Anyone divorcing a narcissist needs to understand how narcissists think, what tactics they use to manipulate others, and how to fight back. Gaslighting is one of the most pronounced narcissistic behaviors seen in divorce cases and usually involves:
• Making demands that you can’t possibly meet
• Making statements that cast doubt on your perception of the situation
• Misrepresenting the facts
• Delaying or avoiding giving you information
This makes reaching a divorce settlement with a narcissist extremely difficult because you’ll be trying to resolve issues of child custody and child support, marital assets and debts, and alimony with someone who refuses to play fair.
Child custody is indisputably one of the most frustrating stages of divorcing a narcissist. A self-centered spouse will use any bargaining chip they have, from money to sex to using the children as pawns.
As the more reasonable parent, it is important that you make the safety and wellbeing of your children your top priority. You can get helpful information on the California Center for Families, Children & the Courts website.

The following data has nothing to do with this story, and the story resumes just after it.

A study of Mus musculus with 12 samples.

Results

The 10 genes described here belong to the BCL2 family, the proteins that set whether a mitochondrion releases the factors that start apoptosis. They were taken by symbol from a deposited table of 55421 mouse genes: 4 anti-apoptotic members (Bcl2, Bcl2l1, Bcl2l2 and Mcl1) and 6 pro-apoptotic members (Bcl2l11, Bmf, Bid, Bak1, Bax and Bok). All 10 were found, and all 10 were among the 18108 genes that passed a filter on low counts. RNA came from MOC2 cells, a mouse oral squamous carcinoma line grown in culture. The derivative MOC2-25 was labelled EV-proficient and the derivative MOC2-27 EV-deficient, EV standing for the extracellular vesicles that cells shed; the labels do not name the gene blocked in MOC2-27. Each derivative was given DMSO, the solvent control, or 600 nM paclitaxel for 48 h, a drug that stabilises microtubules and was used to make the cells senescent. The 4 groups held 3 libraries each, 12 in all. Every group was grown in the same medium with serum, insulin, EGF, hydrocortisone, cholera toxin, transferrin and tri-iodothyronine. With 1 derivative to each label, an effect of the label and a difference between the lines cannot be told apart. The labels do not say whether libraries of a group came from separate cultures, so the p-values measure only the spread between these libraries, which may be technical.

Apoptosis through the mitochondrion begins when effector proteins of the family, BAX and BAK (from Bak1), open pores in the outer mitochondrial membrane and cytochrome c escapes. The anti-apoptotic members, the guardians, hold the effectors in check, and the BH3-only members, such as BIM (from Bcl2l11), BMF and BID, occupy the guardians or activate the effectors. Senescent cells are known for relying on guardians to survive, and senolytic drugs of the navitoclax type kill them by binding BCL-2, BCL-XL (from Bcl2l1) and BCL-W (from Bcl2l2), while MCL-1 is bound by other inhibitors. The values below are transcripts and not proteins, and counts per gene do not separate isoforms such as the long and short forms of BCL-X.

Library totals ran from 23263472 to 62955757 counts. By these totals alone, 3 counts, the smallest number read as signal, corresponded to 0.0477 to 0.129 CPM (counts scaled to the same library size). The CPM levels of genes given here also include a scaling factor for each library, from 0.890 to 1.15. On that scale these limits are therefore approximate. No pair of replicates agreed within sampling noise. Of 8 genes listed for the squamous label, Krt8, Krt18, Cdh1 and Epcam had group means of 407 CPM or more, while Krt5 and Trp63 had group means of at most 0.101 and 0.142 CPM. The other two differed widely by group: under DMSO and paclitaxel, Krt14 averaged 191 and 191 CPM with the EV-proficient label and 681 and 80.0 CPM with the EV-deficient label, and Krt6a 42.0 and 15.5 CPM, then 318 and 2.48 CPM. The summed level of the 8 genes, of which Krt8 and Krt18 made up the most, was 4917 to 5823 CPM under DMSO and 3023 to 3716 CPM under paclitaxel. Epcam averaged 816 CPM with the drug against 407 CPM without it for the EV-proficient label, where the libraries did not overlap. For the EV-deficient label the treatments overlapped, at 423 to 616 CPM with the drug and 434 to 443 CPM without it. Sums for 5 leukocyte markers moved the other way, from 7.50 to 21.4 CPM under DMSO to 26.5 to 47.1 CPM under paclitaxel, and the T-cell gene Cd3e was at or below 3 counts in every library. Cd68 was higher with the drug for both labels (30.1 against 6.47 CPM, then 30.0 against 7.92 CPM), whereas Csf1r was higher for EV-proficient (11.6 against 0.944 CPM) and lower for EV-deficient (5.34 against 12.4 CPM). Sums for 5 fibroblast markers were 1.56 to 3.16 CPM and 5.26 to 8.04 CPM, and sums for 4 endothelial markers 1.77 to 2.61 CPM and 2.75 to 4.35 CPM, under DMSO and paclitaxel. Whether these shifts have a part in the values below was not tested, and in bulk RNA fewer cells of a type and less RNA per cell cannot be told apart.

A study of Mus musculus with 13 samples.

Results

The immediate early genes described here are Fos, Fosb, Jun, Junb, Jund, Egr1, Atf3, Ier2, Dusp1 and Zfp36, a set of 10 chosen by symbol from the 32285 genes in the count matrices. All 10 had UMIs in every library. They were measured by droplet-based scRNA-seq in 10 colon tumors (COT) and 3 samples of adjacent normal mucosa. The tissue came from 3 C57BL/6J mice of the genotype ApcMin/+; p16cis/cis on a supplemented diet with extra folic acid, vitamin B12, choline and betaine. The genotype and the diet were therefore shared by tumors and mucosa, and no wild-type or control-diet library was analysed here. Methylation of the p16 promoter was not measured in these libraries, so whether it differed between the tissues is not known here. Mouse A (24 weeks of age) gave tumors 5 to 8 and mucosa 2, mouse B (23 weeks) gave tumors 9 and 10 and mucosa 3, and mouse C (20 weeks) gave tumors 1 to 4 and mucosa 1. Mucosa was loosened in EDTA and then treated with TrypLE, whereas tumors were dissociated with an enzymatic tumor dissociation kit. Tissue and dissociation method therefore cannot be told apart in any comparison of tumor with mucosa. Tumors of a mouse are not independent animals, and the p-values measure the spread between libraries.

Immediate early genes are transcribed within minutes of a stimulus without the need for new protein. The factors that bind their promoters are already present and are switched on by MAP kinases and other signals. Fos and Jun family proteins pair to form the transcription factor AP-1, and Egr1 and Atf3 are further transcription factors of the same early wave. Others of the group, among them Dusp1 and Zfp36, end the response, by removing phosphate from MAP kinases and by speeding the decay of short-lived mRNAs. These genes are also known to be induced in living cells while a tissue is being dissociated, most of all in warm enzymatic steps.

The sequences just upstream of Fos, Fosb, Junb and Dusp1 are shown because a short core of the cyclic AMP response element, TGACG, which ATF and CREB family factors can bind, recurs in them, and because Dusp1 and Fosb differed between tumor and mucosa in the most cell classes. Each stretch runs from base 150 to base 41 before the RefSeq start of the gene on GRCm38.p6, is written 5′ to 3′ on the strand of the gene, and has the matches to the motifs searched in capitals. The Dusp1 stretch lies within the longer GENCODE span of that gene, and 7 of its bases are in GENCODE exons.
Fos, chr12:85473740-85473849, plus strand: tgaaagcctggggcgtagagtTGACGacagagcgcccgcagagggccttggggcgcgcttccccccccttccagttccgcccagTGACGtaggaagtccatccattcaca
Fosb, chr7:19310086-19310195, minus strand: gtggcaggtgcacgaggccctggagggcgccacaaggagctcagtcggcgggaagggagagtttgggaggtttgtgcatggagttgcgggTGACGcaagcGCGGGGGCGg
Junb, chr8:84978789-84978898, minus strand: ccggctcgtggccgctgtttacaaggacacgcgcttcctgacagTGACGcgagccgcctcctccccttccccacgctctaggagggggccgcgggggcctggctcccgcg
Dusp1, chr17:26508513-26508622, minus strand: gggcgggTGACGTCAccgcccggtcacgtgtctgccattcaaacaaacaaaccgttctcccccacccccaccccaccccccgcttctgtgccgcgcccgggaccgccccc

The terms of your divorce will determine how much money you will receive as a settlement from your former spouse. After you have submitted your request for a decree, the judge will decide whether the amount of money you are requesting is fair.
There are issues you should consider before making an offer to your former spouse. If you or your spouse have economic problems, you may need funds to help you care for yourself or your family.
When negotiating finances with a narcissistic spouse, remember these individuals tend to view any relationship as a zero-sum game and will stop at nothing to win, even “cooking the books.” Read that again. Yes, narcissists can sometimes even become involved in overt criminal activity.
When battling a narcissist in divorce court as a man or woman, you’ll need to document everything they say and do. But remember, it’s illegal to record conversations without the other party’s knowledge in California.
Instead, you could give them a taste of their own medicine by giving them the silent treatment and insisting on text or email communication only. Written communications can be used as evidence and are time-stamped, making your side of the argument bullet-proof.
In addition, before you start badmouthing your spouse in front of a judge, remember that most judges won’t accept hearsay, so a formal NPD diagnosis is preferred. A clear-cut diagnosis from a mental health professional will help your divorce lawyer prove you’re right about your partner’s outrageous behavior.
You don’t have to do this alone. A California family law attorney specializing in narcissism and divorce can help you figure out how to negotiate a divorce settlement. Discuss your situation with The Law Office of Laurence J. Brock by using the contact form below or call 909-466-7661.